Afternoon rain showers make up for the scorching heat in Senegal this August. Villagers like Rokhy Dieye take advantage of the weather to boost their crops in the community garden. As the Cooperative Garden President in Boustane Lo and a mother supporting a family of 10, Rokhy strives to pave the way for the next generation in her community. “CREATE!’s projects have helped reduce rural exodus in the village because with the cooperative garden, we have the possibility to stay in the village and work,” she tells us. One year ago, before Boustane Lo partnered with CREATE!, Rokhy and many of the other women in the village would often leave their families during the dry season to look for work in more urban areas.

Today, the community garden that Rokhy leads has changed life for families in Boustane and surrounding communities. “We share our vegetables with many other people because we sell them in the Gossas market,” Rokhy explains. “There are also people who visit our garden to buy them too.” Many CREATE! partner communities used their community gardens as produce markets when COVID-10 temporarily shut down the regional markets.


Rokhy cares for sweet pepper plants in the community garden. They recently installed a drip irrigation system which improves daily watering. Now women don’t need to haul heavy watering cans from the basin to each plant across the large garden.

Passing on New Traditions to the Next Generation in Senegal

Rokhy and her cooperative garden group are learning organic agriculture techniques that they put into practice every day. “We consume natural vegetables because we don’t use any chemical product,” Rokhy tells us. “Before the community garden, we were eating vegetables and we didn’t know where they were grown.” The vegetables that women used to buy in the market often came from distant regions in Senegal or beyond. “We used to eat vegetables rarely because we had to travel to the market and it was expensive, but now with our community garden, we have the possibility to eat vegetables every day,” Rokhy says. “My children like all of them. I frequently cook my favorite dish which is okra.”

As well as enjoying fresh, delicious meals from the garden, children are also watching and learning from their moms on how to sustainably cultivate these different vegetables. Someday, these children will carry on this tradition as adults.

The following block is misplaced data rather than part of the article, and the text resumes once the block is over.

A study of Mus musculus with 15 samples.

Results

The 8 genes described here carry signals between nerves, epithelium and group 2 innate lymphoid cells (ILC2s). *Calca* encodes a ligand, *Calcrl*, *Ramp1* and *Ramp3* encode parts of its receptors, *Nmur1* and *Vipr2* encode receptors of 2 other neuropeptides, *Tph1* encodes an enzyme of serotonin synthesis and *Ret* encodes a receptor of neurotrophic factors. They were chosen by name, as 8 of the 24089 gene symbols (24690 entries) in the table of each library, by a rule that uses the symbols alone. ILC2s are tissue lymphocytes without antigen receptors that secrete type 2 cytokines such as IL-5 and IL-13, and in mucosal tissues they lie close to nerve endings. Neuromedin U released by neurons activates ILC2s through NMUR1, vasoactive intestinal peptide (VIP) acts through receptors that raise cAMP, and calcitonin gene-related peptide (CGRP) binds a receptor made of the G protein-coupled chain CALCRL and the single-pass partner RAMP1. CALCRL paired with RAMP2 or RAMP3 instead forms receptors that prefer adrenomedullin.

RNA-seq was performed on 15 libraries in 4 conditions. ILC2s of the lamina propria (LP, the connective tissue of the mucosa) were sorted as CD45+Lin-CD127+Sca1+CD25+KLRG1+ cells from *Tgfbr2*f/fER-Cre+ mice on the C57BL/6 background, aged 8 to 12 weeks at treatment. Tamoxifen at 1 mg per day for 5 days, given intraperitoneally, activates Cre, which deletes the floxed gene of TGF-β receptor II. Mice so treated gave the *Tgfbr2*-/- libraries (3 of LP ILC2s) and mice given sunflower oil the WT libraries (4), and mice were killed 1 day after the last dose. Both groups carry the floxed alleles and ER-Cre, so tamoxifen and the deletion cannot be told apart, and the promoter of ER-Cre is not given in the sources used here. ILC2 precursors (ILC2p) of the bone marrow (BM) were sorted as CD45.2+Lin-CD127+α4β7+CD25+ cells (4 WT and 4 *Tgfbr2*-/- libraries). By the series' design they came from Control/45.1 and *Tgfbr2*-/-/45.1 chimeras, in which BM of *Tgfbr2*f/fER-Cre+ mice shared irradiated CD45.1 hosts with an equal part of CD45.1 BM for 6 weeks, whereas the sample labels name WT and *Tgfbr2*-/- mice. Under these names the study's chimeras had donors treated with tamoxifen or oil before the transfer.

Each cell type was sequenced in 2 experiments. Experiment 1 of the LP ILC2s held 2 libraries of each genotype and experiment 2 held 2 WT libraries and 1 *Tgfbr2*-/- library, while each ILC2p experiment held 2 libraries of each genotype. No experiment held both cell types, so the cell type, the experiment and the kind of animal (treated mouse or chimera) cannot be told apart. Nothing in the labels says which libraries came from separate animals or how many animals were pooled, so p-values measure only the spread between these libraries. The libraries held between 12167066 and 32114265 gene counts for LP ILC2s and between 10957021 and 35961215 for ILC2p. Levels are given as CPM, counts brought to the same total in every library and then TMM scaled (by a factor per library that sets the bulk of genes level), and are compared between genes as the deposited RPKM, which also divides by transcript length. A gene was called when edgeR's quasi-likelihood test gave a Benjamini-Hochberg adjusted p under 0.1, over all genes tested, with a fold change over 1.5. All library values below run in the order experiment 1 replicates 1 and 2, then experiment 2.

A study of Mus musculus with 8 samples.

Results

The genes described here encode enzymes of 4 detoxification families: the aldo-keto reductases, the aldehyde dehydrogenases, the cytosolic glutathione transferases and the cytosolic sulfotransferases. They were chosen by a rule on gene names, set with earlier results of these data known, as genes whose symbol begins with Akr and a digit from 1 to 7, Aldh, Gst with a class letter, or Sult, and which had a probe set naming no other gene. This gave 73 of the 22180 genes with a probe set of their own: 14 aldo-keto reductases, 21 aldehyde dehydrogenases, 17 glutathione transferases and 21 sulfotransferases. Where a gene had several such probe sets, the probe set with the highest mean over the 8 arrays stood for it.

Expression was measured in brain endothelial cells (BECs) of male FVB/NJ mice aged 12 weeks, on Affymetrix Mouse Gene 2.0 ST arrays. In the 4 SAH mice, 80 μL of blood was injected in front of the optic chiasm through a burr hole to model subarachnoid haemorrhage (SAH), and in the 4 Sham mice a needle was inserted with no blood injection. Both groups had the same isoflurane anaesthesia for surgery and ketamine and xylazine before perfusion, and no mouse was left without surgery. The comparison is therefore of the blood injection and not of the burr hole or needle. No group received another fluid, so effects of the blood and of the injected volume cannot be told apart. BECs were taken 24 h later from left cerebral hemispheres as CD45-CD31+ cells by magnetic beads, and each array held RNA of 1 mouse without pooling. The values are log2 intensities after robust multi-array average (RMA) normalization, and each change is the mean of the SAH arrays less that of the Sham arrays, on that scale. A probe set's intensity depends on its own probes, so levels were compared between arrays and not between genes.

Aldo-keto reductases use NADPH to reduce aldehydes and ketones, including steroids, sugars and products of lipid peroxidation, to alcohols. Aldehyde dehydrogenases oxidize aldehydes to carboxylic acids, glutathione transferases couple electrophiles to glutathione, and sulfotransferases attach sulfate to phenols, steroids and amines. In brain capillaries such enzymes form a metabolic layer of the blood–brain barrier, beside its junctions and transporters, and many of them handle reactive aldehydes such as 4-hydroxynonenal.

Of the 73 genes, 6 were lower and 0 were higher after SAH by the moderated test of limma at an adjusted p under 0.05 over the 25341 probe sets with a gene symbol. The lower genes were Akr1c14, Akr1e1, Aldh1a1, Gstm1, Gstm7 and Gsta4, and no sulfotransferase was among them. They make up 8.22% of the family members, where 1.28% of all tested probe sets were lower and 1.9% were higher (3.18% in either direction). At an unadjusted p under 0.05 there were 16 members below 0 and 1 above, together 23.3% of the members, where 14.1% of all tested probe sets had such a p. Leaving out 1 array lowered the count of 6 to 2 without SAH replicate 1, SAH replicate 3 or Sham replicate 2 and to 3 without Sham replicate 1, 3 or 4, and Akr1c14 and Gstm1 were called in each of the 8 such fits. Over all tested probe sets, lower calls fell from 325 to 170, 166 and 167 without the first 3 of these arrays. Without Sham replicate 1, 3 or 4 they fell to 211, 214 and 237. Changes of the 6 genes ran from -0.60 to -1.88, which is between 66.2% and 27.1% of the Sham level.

As the Cooperative Garden President, Rokhy is dedicated to inspiring her group to continue improving their lives and paving the way for the next generation in rural Senegal. But their success doesn’t end at sustaining a year-round community garden.

What’s next for Boustane Lo?

Rokhy and the other women in Boustane Lo will proceed on their path to community self-sufficiency by continuing to engage in income-generating projects such as poultry raising! Along with selling produce in the markets, women will begin training on how also raise and sell their own poultry which is highly profitable.

Many people earn a majority of their money in urban areas or abroad, which means that oftentimes rural communities do not have their own credit or banking systems in place. As one of the last projects, CREATE! technicians will assist community members in creating Voluntary Savings and Lending Associations (VSLA). These trainings focus on advancing financial literacy and management skills so that the women will eventually run their own VSLAs from Boustane Lo. Association members save small amounts of money each week and then make loans to each other to cover business, personal, and household costs. VSLAs are a sustainable and successful part of our income generation programs, empowering women to lift themselves out of poverty for generations to come.

Interested in contributing to the success of Boustane Lo? Consider donating today to support the success of Rokhy and her community.